How I got into This
For decades I harbored in the back of my office closet an archive I inherited from my father’s Alabama kin. Wills bequeathing family oil portraits; yellowed newspaper clippings about antebellum homes-turned-museums; hand-drawn genealogical charts, held together with rusty paper clips, tracing my connection to high-profile Confederates from Gen. George Pickett to L.P. Walker, the first Secretary of War of the Confederacy. I nicknamed this trove “The Pile” and for years I kept it in quarantine. If these bits and pieces told a story, I wasn’t ready to hear it.
The idea that facing history is a path to justice has been advanced by Black thinkers from James Baldwin to Ta-Nehisi Coates to Bryan Stevenson. For a long while I resisted it, at least when it came to my own family. For a long while I believed that the Civil War was over. I knew it had a huge fan base – from the hobbyists who reenact favorite battles to history buffs who debate the fine points of military strategy. When I encountered members of these fervent and possessed subcultures on the Internet, I always felt like I was walking along the edge of a tar pit. I didn’t want to get too close.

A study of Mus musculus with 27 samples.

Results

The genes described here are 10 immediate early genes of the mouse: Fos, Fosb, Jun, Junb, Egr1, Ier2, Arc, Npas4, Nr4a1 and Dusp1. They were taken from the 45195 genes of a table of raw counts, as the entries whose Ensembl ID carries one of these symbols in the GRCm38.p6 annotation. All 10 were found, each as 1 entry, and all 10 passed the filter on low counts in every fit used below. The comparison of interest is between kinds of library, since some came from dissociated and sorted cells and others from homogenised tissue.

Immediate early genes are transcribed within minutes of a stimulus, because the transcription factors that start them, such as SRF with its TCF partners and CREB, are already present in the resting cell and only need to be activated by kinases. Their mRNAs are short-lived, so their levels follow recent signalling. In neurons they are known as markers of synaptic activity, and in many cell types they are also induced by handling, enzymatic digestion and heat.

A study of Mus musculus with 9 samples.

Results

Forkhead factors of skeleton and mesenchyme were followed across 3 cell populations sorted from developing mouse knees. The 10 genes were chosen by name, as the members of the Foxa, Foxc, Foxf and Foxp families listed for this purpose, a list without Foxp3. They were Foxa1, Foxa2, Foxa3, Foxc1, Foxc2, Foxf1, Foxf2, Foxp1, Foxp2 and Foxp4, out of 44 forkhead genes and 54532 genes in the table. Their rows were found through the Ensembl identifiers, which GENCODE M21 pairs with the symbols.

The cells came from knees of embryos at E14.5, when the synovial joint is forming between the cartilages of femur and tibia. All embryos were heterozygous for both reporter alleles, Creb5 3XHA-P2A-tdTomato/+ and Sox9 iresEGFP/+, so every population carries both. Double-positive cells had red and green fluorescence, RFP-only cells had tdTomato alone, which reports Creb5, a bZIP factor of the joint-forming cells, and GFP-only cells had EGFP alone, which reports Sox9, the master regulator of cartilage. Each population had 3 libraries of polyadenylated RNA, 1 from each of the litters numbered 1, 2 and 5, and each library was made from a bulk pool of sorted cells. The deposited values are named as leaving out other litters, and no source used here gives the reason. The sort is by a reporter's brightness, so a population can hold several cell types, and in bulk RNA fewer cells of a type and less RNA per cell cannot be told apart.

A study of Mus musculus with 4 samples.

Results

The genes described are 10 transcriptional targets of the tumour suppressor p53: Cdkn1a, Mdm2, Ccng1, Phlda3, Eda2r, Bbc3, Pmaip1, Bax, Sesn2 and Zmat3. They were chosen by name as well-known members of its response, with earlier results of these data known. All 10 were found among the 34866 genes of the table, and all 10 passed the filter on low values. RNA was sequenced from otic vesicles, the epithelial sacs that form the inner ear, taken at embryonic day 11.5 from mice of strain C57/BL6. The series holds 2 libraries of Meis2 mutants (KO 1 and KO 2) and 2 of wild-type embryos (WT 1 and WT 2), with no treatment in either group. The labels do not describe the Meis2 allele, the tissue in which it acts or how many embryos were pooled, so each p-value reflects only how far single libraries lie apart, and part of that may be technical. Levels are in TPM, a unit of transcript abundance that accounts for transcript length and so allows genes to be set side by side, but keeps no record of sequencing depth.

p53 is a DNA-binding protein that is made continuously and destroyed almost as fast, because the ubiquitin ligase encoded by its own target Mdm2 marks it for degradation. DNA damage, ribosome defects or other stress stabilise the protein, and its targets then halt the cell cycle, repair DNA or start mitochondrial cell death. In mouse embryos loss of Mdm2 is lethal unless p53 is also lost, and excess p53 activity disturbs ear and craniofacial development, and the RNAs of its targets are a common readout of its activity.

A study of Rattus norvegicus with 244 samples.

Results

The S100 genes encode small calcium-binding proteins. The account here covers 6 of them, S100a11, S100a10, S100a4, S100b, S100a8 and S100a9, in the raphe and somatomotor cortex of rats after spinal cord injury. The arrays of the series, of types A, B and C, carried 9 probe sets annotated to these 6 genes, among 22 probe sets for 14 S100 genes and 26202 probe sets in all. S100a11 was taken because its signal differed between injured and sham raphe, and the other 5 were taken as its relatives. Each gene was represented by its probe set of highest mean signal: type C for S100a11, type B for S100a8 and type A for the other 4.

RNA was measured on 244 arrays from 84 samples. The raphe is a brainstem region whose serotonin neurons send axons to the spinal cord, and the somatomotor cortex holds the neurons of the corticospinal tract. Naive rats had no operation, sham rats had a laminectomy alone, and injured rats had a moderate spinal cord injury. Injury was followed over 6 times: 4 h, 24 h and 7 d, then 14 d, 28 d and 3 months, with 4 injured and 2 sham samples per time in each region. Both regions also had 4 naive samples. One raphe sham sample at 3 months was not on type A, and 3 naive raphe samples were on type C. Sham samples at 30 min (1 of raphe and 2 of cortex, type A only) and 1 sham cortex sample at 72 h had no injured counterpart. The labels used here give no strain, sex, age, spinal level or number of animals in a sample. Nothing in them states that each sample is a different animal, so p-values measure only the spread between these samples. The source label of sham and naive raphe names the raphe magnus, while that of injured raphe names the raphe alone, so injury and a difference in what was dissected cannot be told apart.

Then, after the 2016 election, the Civil War came for me, and there was nothing quaint about it. As a reinvigorated white supremacy began sweeping the country, I knew it was time to take the Confederates out of the closet.
For many white Americans the murder of George Floyd was the moment when they could no longer look away from the pervasive racism all around them. It stirred widespread protests and has led to everything from the toppling of bronze Confederate generals to the stripping of Confederate names from American military bases. These blows against the continuing veneration of the Confederacy inspired me to hope that such actions were only the beginning.
That optimism was severely jolted on January 6th, when rioters brandished the Confederate battle flag -- that most potent of racist symbols -- in the halls of the United States Capitol they had just trashed. Defeated and delusional, these marauders summoned thoughts of their predecessors, the true believers after the Civil War, for whom it was an article of faith that the South would rise again.
The pro-Confederate Lost Cause narrative was a wildly successful propaganda campaign to portray the South as the War’s moral victors. This white supremacist myth has flourished for more than 150 years, one family story at a time. In Confederates in My Closet, I challenge those stories in my own family – and in myself. These are stories of a past that is not past. The contested history they evoke underlies the political battles we are living through right now. Facing this history is one path to a more just society. That is what I hope.